Ulrike Kistner's new translation of the first, 1905 edition of Freud's Three Essays on the Theory of Sexuality is out this week. To celebrate its publication, all books on our psychoanalysis bookshelf are 40% off until Sunday, January 29 at midnight UTC.
In the essay below, the book's foreword, Kistner and scholars Philippe Van Haute and Herman Westerink (who also contributed an introductory essay to the new edition) outline the theoretical implications of the non-Oedipal psychoanalysis Freud pursued in this first version of the Essays — revised away in subsequent editions — and explain the necessity of a new standalone volume.
Sigmund Freud published the first version of Three Essays on the Theory of Sexuality in 1905, the same year in which he published Fragment of an Analysis of Hysteria (“Dora”) and Jokes and Their Relation to the Unconscious. These three books, together with others written in that period, can only be properly understood through the intrinsic reference that binds them to one another. These three books illuminate each other and Freud’s thinking in that period.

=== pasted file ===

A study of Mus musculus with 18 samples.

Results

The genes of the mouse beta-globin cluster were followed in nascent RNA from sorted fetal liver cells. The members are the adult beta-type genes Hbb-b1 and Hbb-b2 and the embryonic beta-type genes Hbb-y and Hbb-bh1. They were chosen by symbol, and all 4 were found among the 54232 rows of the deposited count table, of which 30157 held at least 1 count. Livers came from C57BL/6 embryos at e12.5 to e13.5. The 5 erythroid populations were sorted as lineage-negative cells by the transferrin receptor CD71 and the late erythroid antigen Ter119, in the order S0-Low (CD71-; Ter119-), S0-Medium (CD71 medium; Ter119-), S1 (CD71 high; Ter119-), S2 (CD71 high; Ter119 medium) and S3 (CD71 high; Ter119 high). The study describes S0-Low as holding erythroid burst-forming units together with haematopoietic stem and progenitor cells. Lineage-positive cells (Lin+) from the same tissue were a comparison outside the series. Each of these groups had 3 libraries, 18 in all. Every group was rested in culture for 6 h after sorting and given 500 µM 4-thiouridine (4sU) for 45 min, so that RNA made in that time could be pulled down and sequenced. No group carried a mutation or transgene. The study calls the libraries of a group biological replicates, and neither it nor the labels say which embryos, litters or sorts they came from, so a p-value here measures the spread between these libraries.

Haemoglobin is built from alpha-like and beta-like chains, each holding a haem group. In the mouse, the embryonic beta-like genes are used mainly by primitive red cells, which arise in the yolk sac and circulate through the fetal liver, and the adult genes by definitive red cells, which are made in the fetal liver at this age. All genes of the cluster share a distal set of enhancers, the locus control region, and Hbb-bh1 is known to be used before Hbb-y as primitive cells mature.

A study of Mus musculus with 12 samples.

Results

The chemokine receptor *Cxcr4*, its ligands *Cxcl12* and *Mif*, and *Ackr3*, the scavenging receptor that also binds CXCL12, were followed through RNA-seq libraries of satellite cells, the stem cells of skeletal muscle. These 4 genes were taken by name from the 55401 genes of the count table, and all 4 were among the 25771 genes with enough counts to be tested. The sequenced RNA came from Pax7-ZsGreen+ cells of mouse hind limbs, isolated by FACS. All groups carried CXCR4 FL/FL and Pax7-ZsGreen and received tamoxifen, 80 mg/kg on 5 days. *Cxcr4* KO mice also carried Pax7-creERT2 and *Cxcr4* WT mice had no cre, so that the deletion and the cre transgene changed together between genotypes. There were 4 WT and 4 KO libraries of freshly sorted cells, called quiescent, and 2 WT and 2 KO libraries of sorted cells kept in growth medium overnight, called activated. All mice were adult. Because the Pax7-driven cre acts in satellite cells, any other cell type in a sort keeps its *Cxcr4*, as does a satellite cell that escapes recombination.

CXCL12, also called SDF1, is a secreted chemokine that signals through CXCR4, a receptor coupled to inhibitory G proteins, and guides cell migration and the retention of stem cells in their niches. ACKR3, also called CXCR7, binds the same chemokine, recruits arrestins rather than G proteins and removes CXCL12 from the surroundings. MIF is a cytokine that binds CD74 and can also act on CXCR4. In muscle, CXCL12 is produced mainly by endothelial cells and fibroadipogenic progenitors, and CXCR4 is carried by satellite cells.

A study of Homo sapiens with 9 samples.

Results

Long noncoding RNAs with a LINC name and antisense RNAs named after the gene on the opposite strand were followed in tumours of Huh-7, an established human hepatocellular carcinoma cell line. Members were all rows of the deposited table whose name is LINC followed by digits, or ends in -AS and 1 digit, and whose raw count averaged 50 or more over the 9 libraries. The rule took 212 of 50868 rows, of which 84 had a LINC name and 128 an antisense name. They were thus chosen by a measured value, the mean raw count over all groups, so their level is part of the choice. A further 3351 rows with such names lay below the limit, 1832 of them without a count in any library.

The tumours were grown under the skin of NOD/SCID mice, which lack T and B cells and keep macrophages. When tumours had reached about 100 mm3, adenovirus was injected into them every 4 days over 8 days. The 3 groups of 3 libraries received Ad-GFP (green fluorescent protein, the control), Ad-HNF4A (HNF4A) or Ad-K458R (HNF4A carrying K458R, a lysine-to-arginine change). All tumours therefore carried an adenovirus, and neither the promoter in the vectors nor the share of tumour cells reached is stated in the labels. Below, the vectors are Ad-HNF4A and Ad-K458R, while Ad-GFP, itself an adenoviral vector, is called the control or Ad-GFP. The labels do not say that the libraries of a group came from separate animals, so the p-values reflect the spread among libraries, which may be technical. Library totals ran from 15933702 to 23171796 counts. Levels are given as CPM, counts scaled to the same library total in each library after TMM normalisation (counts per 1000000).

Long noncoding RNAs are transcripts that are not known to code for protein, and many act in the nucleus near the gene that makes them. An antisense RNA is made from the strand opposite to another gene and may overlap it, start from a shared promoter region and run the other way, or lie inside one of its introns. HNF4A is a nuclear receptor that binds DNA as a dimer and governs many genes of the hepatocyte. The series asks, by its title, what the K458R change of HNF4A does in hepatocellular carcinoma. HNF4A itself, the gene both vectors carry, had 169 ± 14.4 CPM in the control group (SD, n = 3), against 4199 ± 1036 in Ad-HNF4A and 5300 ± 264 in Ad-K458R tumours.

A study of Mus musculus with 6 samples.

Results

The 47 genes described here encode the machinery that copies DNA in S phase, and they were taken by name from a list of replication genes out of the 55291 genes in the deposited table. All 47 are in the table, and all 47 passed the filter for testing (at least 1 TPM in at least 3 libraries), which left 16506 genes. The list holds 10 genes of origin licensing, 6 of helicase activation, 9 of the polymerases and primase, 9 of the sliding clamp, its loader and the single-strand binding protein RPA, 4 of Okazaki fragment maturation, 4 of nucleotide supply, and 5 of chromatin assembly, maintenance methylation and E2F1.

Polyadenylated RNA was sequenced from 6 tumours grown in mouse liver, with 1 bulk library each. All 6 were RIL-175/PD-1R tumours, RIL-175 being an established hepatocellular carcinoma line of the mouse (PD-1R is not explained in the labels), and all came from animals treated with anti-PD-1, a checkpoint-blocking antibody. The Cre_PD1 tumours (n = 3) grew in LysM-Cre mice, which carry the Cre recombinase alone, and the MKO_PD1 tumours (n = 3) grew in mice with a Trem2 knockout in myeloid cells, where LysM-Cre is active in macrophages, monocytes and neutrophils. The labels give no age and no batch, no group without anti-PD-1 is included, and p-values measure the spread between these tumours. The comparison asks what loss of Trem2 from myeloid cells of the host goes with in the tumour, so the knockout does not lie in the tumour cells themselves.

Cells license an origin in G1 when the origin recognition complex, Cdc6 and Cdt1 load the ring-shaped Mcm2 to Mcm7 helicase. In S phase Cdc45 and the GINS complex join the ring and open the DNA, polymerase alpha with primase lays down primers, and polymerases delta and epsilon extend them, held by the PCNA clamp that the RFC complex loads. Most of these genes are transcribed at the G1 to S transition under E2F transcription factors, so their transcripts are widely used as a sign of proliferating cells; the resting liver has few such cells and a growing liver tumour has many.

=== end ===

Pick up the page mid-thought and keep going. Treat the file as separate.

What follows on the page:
What is the relationship between psychoanalysis and Marxism in the era of late capitalism? Explore the convergences by diving deeper into the work of Freud, Lacan and others analyzing their ideas and making connections between these two master discourses.
To celebrate the release of the new edition of Freud’s Three Essays on the Theory of Sexuality, all books on our psychoanalysis bookshelf are 40% off until Sunday, January 29 at midnight UTC. Includes free shipping and bundled ebook where available.
Click here to activate the discount.